It happened when I was 16-years-old, somewhere around my junior year of high school. I’d just gotten off work in a city far from the comforts of my own neighborhood and was waiting for my supervisor to lock up. Suddenly, a group of white boys whizzed by on bikes and started yelling that word …”nigger.” I looked around. Yes, they were talking to me. It was over as quickly as it happened. As I stared in the direction of the ignorant tribe, zooming high off the fumes of their crime, I searched my mind for a response. First came shock, followed by humiliation. Even a little sadness. I rode home in silence.

Our generation has taken for granted that we are only a few decades removed from a time when the “n” word was tantamount to a death threat. As my friend said when that word was hurled at her during her senior trip, “My reaction was shock and then repulsion and disgust. It was 2005!” We just never thought that someone would be calling us niggers. That still happens? As my friend and I discovered that we aren’t the only folks we know to have experience such an indignity, the answer is obviously yes.

So as antiquated as it seems, is this a word we still have to prepare our children to hear? Much like little black boys are told to cooperate and not make any sudden moves when pulled over by police, will you have to practice your child’s response to this ugly term?  Perhaps it depends on if it’s still being passed down as a hate slur on the other side of the tracks.

“The first time I was called the “n” word was in Pre-K by a girl named Leslie,” said my friend Mandy. “She said to me, ‘My skin is light, your skin is dark and that makes you a nigger.’ ”

The NAACP’s ceremonious burial of the word in 2007 was cute. But even our so-called “thought leaders” have disagreed with this act. As black America seems to have only two modern philosophers, Dr. Cornel West and Michael Eric Dyson, in a C-Span panel the latter defended what he calls his “promiscuous” use of the word by reasoning that nigger applies to any group of people who have been oppressed by the majority, and particularly by American capitalism.

“We got to understand nigga is a global phenomenon … I understand that as a nigga in America, there are niggas throughout the world … Can we connect through our core niggerdom to understand the vicious ways in which we have been subverted?” Dyson said.

Indeed, the word is used so colloquially that some of us celebrate it as an example of the resilience black people have and our ability to turn a negative into a positive. Just as women have turned the word “bitch” into a term of endearment – and men have even managed to make calling a woman “a bad bitch” the highest form of praise – we’ve mutated the word nigger into an acceptable form, nigga – because dropping the “er” simultaneously erases its past intent, right?

I, too, found Chris Rock’s sketch hilarious when he said he loved black people but hated niggas. I would not deny guilt for acting as though the n word doesn’t apply to me, but to my “cousins” that barbecue on the front lawn, wear do-rags to WalMart and buy rims with their tax refunds.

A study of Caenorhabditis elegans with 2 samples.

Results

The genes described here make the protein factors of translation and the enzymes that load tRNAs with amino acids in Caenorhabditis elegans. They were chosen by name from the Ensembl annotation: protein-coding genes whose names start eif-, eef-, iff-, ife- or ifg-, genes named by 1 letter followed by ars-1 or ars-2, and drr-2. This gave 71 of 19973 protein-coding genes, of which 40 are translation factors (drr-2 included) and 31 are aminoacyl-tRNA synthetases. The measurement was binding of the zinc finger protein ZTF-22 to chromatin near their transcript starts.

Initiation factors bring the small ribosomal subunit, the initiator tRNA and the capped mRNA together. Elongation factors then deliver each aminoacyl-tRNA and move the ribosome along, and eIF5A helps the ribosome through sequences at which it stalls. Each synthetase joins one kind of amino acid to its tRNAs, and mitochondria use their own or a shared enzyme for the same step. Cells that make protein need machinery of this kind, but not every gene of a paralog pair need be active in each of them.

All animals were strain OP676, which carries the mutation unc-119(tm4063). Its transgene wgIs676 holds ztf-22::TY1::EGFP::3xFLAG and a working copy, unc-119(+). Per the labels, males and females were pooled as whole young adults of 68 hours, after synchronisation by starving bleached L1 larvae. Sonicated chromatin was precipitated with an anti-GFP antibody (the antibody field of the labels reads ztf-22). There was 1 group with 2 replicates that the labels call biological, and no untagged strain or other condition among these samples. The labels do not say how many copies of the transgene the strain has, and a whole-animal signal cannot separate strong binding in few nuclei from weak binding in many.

In a more serious interview  on the Bravo show Inside the Actors Studio, Rock reasoned that black people’s taking ownership of the n word was “the same philosophy as soul food. They gave us the scraps and we made it into cuisine. And we took this word and we made it into poetry.”

He acknowledged that “nigger is the nitroglycerine of words, and in the wrong hands it can hurt,” but went on to say that if given to the right scientist – a rank of comedians that includes Dave Chapelle and Richard Pryor – the word takes the same artistic value it did in a Mark Twain novel.

However in January, a version of the classic Mark Twain novel Huckleberry Finn was published that replaced the word nigger with slave.

Auburn University English professor Alan Gribben proposed the idea to publisher NewSouth Books because in his words, “even at the level of college and graduate school, students are capable of resenting textual encounters with this racial appellative.”

Though reading the word in print (219 times!) did sting when I was forced to read this novel in high school, removing it from a novel written in 1885 robs the reader of the context that the term was part of everyday vernacular in that time. Even though Finn was friends with a black man, as a child he heard the word used so much he thought it was the correct way to refer to black people. But given the way it is integrated in our lives now, the next generation may not see this as abnormal. Have things really come full circle?

As another friend put it:

“The first time I was called the “n” word was probably by one of my “n” words. ‘My nigga’ had long become a term of endearment before all of us were born. So will anyone ever remember the first time someone called them a nigga? Will they remember their nigga calling them a nigga? Nope.”

This friend has a spot-on sense of satire, but I recall the paralytic effect the word had when it was hurled at me on the street nearly 10 years ago with absolute clarity. Chances are I will never forget how it felt when it transcended the inside of a funny joke in a movie to become an ugly descriptor by complete strangers.

 Have you ever been called a “nigger”? If so, did it change your feelings about “nigga”? Can we really separate the two? Speak!